Apple to let some apps offer links for account signups outside its App Store

In an agreement with Japan's Fair Trade Commission, Apple says it will let "reader" apps like Netflix add links for signup websites off the App Store.

Ian Sherr Contributor and Former Editor at Large / News
Ian Sherr (he/him/his) grew up in the San Francisco Bay Area, so he's always had a connection to the tech world. As an editor at large at CNET, he wrote about Apple, Microsoft, VR, video games and internet troubles. Aside from writing, he tinkers with tech at home, is a longtime fencer -- the kind with swords -- and began woodworking during the pandemic.
Ian Sherr


Apple said the change to its App Store rules, which it had resisted, will apply globally to "reader" apps. These programs provide previously purchased content or subscriptions like magazines, newspapers, books, music and video. 

"Trust on the App Store is everything to us. The focus of the App Store is always to create a safe and secure experience for users, while helping them find and use great apps on the devices they love," Phil Schiller, Apple Fellow who oversees the App Store, said in a statement.

The agreement comes amid Apple's ongoing litigation with Fortnite developer Epic Games. In that case, Epic's argued that Apple's tight control of its App Store violates antitrust rules.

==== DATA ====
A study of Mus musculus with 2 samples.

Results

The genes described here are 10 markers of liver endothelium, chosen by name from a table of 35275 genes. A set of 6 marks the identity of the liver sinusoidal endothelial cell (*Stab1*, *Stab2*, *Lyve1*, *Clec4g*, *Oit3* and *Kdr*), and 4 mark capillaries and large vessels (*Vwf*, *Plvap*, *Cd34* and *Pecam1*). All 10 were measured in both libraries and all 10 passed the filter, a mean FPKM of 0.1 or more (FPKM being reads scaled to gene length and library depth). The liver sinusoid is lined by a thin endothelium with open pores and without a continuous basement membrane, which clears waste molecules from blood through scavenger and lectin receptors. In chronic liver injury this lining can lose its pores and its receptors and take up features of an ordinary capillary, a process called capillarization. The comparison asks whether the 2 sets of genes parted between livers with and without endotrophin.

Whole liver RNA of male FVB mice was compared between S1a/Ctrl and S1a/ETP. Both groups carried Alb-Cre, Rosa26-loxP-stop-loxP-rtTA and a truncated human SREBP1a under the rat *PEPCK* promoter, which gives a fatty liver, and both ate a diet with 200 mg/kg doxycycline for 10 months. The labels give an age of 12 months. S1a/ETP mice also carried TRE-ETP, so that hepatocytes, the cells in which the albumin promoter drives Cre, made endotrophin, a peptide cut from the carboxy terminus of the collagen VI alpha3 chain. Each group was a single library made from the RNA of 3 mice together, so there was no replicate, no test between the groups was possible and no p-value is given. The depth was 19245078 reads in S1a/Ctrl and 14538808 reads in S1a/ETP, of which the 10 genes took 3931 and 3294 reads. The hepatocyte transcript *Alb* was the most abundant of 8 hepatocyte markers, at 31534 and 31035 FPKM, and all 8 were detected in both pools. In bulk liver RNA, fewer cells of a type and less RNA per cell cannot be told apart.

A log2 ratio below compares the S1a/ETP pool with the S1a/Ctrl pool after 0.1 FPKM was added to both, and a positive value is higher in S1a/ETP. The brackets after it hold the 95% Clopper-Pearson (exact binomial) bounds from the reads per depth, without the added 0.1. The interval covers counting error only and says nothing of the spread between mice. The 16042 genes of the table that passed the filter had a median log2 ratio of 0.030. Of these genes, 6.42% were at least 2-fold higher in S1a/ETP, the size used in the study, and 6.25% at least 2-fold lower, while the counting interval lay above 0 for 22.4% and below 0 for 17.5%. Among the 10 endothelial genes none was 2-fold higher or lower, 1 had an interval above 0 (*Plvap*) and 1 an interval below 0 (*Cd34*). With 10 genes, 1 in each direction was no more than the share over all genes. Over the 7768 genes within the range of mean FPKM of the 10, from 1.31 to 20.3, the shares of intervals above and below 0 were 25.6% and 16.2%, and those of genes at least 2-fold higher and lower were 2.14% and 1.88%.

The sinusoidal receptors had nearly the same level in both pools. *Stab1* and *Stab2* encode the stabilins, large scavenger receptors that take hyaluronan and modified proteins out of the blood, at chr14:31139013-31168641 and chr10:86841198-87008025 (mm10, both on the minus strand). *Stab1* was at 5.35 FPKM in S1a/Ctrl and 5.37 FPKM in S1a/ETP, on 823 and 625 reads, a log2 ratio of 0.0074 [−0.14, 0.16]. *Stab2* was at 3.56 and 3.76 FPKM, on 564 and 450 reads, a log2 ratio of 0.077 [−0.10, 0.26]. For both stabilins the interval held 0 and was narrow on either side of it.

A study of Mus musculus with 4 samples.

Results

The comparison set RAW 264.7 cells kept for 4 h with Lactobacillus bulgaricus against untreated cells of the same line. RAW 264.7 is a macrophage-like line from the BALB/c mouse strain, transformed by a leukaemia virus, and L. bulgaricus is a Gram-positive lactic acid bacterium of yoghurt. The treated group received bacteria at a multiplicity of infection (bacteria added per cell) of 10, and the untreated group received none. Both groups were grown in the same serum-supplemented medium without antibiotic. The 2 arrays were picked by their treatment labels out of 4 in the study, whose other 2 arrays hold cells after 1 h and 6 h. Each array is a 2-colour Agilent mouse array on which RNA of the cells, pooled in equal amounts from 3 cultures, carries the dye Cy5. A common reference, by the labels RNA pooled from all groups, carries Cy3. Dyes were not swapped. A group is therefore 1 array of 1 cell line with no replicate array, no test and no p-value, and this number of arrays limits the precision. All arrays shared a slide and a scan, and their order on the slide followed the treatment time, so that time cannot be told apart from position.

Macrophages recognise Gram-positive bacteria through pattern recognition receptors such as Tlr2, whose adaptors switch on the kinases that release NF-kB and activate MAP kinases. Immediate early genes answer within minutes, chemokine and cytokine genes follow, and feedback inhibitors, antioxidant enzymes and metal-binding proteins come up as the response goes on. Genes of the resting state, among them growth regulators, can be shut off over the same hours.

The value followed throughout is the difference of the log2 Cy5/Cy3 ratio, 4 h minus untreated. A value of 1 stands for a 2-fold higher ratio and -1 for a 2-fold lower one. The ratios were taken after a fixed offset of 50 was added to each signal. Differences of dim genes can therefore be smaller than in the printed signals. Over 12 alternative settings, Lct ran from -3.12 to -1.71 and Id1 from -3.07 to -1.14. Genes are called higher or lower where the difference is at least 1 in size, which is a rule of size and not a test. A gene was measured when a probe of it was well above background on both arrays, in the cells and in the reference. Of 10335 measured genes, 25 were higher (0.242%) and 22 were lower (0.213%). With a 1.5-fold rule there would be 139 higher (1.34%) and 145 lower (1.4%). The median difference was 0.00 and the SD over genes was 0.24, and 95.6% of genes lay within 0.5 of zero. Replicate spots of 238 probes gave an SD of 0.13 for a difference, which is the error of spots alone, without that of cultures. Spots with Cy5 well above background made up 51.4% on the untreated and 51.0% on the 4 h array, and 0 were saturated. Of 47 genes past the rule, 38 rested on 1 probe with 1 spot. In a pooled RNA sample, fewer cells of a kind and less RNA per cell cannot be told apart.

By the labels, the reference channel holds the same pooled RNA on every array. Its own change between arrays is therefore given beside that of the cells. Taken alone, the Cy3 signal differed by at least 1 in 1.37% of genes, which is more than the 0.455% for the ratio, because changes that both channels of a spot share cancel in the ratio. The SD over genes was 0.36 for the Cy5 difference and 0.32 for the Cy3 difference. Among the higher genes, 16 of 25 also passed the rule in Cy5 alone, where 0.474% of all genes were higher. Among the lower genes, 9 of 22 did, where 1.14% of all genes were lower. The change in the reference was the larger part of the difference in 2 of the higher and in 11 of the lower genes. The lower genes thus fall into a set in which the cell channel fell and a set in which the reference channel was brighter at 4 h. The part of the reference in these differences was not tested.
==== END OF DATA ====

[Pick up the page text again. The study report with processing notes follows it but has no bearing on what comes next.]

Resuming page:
Apple's agreement with the Japan Fair Trade Commission is latest attempted concession the tech giant's made over its App Store as it faces an onslaught of criticism and scrutiny over its business practices. Lawmakers, regulators, developers and competitors have argued against the tech giant's strict rules, which only allow apps it approves to be installed on iPhones or iPads. Those rules, which the company periodically updates, spell out what types are and are not allowed to be published for sale. 

Apple's rules also require that developers selling digital goods ranging from a subscription to a new look for a character in a game do so through its in-app payments system, which typically charges up to a 30% commission on all transactions. Earlier this week, South Korea's National Assembly passed a bill aimed to force app store operators to drop such provisions. The country's president is expected to sign it into law sometime soon.

In the meantime, Apple's settlement with the Japanese regulator will allow "reader" apps around the world more leeway, Apple said, making it easier for people to set up and manage their apps and services, "while protecting their privacy and maintaining their trust."

Correction, 11 p.m. PT: Apple did not specify whether it will require developers to offer subscriptions through in-app purchases or not. A previous version of this story said Apple will still require apps to offer subscriptions through in-app purchases in addition to including a link to their alternative signup website.